SPOILERS for Avengers: Endgame ahead!
These days, it’s Marvel Studios and the Marvel Cinematic Universe, and then everybody else. The MCU’s superlatives are too many to list, but it is the most successful movie franchise of all time and it recently enjoyed the biggest box office opening of all time with a heretofore-unimaginable debut for Avengers: Endgame. Marvel Studios literally changed the industry. But it wasn’t always so, and once upon a time, Marvel wasn’t the Hulk in the room, but the underdog.
Marvel Studios president Kevin Feige remembers what it was like in the early days of film blogging, when Marvel movies weren’t even given a chance because they didn’t have the strong big screen track record that DC’s Batman and Superman enjoyed. Even after the success of X-Men and Spider-Man, Marvel Studios was doubted starting out because it didn’t have the mutants or the Web-Slinger in its stable. That’s all changed now, but Kevin Feige still likes it when Marvel gets to be the underdog, as he explained:
So the fact that we've changed that is nice. But there's also part of me that likes it when we're the underdog. I liked it when people would think, ‘How's the Captain America movie going to work?’ Or: ‘How's the Thor movie going to work?’ Or even after the success of Avengers, and we announced something like Guardians Of The Galaxy? ‘What is that, a tree? A raccoon? What are you doing?’ I like that. I like when we're in that position that people are wondering, you know, ‘What the heck?’ – and we get to surprise them. We get to try to surpass an expectation.
Kevin Feige is happy that Marvel Studios has changed the perception of Marvel films and what’s possible, but he still likes getting to prove people wrong every once in a while, and who can blame him? Proving people wrong is fun and being the underdog that everybody doubts provides some extra motivation to really perform and blow those expectations out of the water.
You hear this a lot with professional fighters and sports teams, how much they relish being the underdog. Some will even cast themselves as that even when the betting lines say otherwise because it is highly motivating to go in with a chip on your shoulder and something to prove.
Marvel Studios has been doing that its whole existence, from the very beginning with heroes like Thor and Captain America. Heroes that, if you’ll remember, Sony didn’t purchase rights to because it thought nobody cared about them. Even after the success of 2012’s The Avengers, there was significant doubt about the viability of Guardians of the Galaxy, as Kevin Feige recalled to Den of Geek.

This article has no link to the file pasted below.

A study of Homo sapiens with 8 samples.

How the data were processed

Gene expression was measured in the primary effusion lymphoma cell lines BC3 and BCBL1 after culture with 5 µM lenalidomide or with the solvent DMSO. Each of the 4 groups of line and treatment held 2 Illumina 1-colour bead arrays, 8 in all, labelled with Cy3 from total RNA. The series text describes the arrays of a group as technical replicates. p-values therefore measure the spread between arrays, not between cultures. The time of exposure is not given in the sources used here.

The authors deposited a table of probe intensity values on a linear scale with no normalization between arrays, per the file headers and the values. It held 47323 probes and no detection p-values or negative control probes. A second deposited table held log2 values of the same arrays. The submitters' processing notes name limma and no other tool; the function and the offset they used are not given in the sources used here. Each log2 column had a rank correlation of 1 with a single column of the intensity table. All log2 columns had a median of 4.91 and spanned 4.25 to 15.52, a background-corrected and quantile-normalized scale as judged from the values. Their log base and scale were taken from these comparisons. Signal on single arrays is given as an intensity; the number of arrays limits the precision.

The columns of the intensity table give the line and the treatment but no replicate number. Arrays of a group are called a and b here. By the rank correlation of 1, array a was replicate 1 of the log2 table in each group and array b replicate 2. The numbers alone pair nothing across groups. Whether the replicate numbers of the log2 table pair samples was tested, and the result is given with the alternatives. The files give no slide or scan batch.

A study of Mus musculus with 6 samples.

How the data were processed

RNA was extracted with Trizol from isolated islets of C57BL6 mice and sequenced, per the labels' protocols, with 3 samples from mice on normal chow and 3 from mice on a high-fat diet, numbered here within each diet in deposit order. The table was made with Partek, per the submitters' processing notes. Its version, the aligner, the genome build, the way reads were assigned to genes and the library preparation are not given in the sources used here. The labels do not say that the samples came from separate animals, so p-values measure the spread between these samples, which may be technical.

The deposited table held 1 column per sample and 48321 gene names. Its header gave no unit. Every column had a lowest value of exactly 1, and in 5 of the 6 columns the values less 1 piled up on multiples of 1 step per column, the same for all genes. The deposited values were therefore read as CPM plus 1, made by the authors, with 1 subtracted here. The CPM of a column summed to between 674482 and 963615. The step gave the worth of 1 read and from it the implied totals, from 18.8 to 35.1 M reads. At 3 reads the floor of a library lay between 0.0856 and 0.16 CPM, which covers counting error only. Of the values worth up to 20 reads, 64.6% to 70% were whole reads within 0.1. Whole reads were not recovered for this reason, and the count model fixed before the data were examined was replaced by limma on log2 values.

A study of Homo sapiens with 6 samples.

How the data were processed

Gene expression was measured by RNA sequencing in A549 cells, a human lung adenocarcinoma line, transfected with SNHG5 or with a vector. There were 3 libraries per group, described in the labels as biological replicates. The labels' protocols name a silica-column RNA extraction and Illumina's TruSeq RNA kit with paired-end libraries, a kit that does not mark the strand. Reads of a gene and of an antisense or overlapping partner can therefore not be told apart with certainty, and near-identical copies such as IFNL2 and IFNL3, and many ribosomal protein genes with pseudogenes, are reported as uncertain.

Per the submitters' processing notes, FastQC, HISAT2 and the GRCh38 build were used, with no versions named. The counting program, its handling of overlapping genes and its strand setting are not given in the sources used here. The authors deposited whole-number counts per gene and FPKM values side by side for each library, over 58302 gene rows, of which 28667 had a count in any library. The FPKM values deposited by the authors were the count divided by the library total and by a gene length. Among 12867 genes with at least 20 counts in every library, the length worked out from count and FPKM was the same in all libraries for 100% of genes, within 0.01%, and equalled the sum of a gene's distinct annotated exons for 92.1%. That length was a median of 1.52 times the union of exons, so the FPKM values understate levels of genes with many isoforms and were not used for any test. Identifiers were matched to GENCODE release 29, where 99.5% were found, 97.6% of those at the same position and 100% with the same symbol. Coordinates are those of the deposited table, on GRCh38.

Kevin Feige likes that underdog dynamic, where Marvel Studios can take big swings and show that ideas and characters that don’t seem like they will work actually can. In those situations, Marvel gets to surprise people and make them fall in love with characters they’ve never heard of. It’s rare that Marvel Studios is the underdog anymore, but Kevin Feige is hoping to get the opportunity to be the underdog once again, as he explained:
And certainly with all the things that we're working on now and the next group of films – which we’ll announce soon enough – I hope we get that same response. People getting excited about characters they've already seen before being thrust into new adventures and new storylines, but also characters they've never heard of yet – and wonder, ‘What the heck is that going to be about?’ That really excites us.
The producer extraordinaire is hoping that people will be excited about Marvel Studios’ future films (they are), but also that even if there isn’t outright skepticism, there is still a real curiosity as to what Marvel is doing, what its films will be about and how the studio will make them work. And while Marvel is hugely successful and most people have confidence in it, there are some aspects of the MCU’s future where it could find itself as the underdog.
For one thing, following the events of Avengers: Endgame, can the MCU still draw in audiences and continue its success without heroes like Robert Downey Jr.'s Iron Man and Chris Evans' Captain America? Also, with the films we think are coming, how does Marvel win over audiences to something like The Eternals, which is arguably even more obscure and removed from the story we are used to than the Guardians.
Long-term, Marvel will have to somehow incorporate the X-Men in a world without mutants and make them relevant and popular again, a challenging task given the way Fox’s X-Men fizzled out with Dark Phoenix. Also, after multiple failed attempts, even Marvel may be an underdog when it comes to making the Fantastic Four work on the big screen. Kevin Feige may get his underdog wish after all.
Marvel Studios may again find itself the underdog in Phase 4 and beyond, a prospect Kevin Feige is excited about, but he shouldn’t expect many of us to bet against him.